The latest survey from the grocery industry analysts IGD has re-affirmed that financial constraints have made more UK households turn to cheap supermarkets.
More than 25% of the respondents say they are likely to use low-price retailers like Lidl and Aldi more often in future and nearly half of the consumers would do so if there were discount supermarkets closer to where they live. At present, 5% of British consumers rely mainly on discount stores for their grocery supplies.
Joanne Denney-Finch, chief executive of research agency IGD, thinks that although currently low-price retailers account for a relatively small percentage of total shopping, there is a tendency for an increase in their market share, with nearly two in three consumers saying they would shop in such supermarkets if their financial situation deteriorates.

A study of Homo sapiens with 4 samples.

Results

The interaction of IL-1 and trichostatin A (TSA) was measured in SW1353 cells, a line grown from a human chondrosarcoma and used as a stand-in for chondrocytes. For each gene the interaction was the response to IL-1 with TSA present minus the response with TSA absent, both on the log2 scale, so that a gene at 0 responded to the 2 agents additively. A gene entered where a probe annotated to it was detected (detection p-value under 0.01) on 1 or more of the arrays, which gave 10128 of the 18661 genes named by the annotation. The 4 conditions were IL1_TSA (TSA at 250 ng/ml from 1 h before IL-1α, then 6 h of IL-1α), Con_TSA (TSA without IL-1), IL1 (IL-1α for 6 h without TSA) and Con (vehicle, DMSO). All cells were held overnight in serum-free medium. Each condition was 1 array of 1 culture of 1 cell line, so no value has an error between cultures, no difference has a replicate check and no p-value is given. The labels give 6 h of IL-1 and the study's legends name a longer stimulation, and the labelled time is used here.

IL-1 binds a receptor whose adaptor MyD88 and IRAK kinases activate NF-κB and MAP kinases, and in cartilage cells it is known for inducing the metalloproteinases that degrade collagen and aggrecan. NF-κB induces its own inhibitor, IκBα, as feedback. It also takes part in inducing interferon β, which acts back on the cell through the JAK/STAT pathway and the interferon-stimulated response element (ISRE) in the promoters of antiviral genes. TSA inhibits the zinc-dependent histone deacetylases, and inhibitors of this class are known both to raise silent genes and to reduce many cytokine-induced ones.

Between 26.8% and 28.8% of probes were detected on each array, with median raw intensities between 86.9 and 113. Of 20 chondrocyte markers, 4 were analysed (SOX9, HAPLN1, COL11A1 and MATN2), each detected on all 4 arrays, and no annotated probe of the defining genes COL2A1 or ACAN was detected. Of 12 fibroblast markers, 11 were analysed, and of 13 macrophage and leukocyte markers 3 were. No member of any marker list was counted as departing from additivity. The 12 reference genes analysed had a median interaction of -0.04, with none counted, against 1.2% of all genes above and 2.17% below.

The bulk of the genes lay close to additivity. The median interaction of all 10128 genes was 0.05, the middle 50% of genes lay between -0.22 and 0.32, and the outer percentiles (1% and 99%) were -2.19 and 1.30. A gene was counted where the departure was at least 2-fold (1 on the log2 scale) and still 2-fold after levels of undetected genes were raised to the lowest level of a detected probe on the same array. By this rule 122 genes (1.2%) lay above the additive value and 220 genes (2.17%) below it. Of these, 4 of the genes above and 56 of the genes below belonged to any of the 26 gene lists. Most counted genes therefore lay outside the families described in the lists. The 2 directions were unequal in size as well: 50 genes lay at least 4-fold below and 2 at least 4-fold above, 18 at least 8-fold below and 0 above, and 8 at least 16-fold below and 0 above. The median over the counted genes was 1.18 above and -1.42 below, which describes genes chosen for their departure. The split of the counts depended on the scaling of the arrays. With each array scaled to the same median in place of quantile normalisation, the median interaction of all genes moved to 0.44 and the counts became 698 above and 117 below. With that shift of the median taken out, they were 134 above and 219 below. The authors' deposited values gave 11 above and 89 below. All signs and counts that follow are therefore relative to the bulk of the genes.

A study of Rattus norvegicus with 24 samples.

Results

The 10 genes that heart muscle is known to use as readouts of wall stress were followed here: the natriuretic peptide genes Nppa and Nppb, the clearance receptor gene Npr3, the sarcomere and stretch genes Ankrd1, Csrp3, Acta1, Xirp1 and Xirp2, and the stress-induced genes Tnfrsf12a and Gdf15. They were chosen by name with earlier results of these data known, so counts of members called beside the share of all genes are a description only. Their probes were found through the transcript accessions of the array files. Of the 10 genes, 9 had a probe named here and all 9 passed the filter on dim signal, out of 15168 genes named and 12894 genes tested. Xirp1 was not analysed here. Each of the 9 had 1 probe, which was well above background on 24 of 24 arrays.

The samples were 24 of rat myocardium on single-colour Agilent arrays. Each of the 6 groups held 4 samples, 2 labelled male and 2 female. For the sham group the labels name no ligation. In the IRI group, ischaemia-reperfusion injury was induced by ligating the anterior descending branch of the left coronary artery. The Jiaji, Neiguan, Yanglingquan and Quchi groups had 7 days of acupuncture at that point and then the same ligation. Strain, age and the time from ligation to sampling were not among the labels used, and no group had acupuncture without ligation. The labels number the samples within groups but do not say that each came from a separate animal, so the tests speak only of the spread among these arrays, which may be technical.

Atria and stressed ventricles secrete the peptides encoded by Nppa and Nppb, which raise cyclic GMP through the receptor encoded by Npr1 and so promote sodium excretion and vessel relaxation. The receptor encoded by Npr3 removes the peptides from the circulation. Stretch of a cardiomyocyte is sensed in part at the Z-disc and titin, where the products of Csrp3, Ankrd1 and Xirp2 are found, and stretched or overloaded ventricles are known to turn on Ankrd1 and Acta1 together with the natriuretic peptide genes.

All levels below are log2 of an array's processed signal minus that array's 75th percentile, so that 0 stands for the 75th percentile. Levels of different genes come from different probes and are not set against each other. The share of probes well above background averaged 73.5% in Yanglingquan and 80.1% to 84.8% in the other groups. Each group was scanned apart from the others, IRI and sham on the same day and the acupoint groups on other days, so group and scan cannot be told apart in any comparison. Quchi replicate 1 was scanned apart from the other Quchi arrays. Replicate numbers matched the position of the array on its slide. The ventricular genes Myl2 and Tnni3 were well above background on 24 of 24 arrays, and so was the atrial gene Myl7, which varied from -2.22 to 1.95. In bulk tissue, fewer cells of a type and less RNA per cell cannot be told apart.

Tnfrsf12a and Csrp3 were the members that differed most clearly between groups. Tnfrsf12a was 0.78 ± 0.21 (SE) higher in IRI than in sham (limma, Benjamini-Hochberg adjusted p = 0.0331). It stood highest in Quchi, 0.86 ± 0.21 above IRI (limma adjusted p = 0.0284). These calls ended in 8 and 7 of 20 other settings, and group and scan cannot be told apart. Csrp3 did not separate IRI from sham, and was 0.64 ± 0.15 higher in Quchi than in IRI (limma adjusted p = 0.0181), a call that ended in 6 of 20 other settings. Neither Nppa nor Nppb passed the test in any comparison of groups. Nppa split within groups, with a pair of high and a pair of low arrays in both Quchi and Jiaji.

Consumers also seem to be changing their attitude towards discount supermarkets, as over 80% of their regular shoppers believe the quality of the products and services have improved recently. Young shoppers and families with teenage children are most likely to shop in such supermarkets.
Earlier this month, research from Kantar Worldpanel revealed that supermarket giants Asda and Tesco have registered a fall in their market shares this year, whereas Aldi became the fastest growing chain, with over 25% growth in just three months.
This also supports recent research that has found that consumers supermarket shopping behaviour is polarised towards premium and discount, leaving little in-between (see our recent post). For niche supermarkets this has been a distinct advantage, and could we be seeing a shift away from Tesco and Sainsbury’s in particular? Store presence is still the biggest factor, although with online grocery shopping predicted to double by 2016 (see our recent post), location may be becoming less of an issue.